If you’re an iPhone customer with AT&T be prepared to become very happy. Previously, you were unable to make FaceTime calls over your cellular signal unless you paid an outragous monthly fee to activate it. Although people are very happy about this, you shouldn’t be thanking AT&T, no you should be angry and dissatisfied at AT&T for making you pay for something they shouldn’t have charged for.
In a lengthy statement from Free Press’s Policy Director Matt Wood, it about sums up everything they’re doing:
“AT&T cannot block FaceTime based on claims of potential congestion. There’s nothing even remotely reasonable about that approach. AT&T simply can’t justify blocking an app that competes with its voice and texting services unless customers purchase a more expensive monthly plan that includes an unlimited amount of those very same services. AT&T’s course correction is a move in the right direction, but until the company makes FaceTime available to all of its customers it is still in violation of the FCC’s rules and the broader principles of Net Neutrality.
If you weren’t aware the spectrum, that thing floating around us that is used for communications like cellphone signals, is actually owned by the citizens and not these communication companies. Providers like AT&T, Verizon, and others only license the spectrum from the FCC. It has been said many times that it is up to the carriers to utilize their frequency to the maximum extent but providers like AT&T aren’t doing that and we can’t rely on the FCC to police that. That’s why it’s up to these private companies to call out companies after doing their own tests.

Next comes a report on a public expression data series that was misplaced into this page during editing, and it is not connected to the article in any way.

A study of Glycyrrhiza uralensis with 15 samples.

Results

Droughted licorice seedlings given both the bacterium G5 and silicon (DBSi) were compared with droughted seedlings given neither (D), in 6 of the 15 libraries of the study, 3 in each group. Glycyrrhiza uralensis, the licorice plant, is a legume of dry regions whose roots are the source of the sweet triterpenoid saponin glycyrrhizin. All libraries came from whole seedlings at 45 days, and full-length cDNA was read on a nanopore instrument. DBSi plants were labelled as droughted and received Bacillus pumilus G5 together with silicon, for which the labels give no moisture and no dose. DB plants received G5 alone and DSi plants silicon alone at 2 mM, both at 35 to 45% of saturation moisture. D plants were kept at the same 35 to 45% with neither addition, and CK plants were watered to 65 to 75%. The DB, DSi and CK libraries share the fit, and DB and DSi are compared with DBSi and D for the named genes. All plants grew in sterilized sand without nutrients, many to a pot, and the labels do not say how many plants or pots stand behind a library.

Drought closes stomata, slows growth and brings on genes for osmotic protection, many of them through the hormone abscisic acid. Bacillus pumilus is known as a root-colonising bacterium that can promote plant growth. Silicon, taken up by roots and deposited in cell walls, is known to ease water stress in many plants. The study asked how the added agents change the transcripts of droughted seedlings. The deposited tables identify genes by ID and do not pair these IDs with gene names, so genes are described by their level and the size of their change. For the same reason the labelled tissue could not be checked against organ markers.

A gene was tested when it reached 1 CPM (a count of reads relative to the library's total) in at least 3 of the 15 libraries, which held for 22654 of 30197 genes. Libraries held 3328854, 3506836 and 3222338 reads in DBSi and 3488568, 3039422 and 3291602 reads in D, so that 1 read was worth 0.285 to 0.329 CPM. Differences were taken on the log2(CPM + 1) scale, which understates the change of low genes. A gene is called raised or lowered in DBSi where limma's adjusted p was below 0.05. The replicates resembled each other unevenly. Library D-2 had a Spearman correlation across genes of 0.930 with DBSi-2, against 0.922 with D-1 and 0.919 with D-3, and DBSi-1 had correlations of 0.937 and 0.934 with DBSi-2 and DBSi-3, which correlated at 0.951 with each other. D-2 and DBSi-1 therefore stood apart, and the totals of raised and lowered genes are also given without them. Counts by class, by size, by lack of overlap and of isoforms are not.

It’s great that AT&T is finally letting users use FaceTime for LTE and 3G, but that should have been a feature given to us a long time ago and not a pity attempt to make extra money. While you should be happy for it to be coming back, which should take up to eight weeks to fully transfer over, you should also be quite angry with AT&T for blocking it in the first place.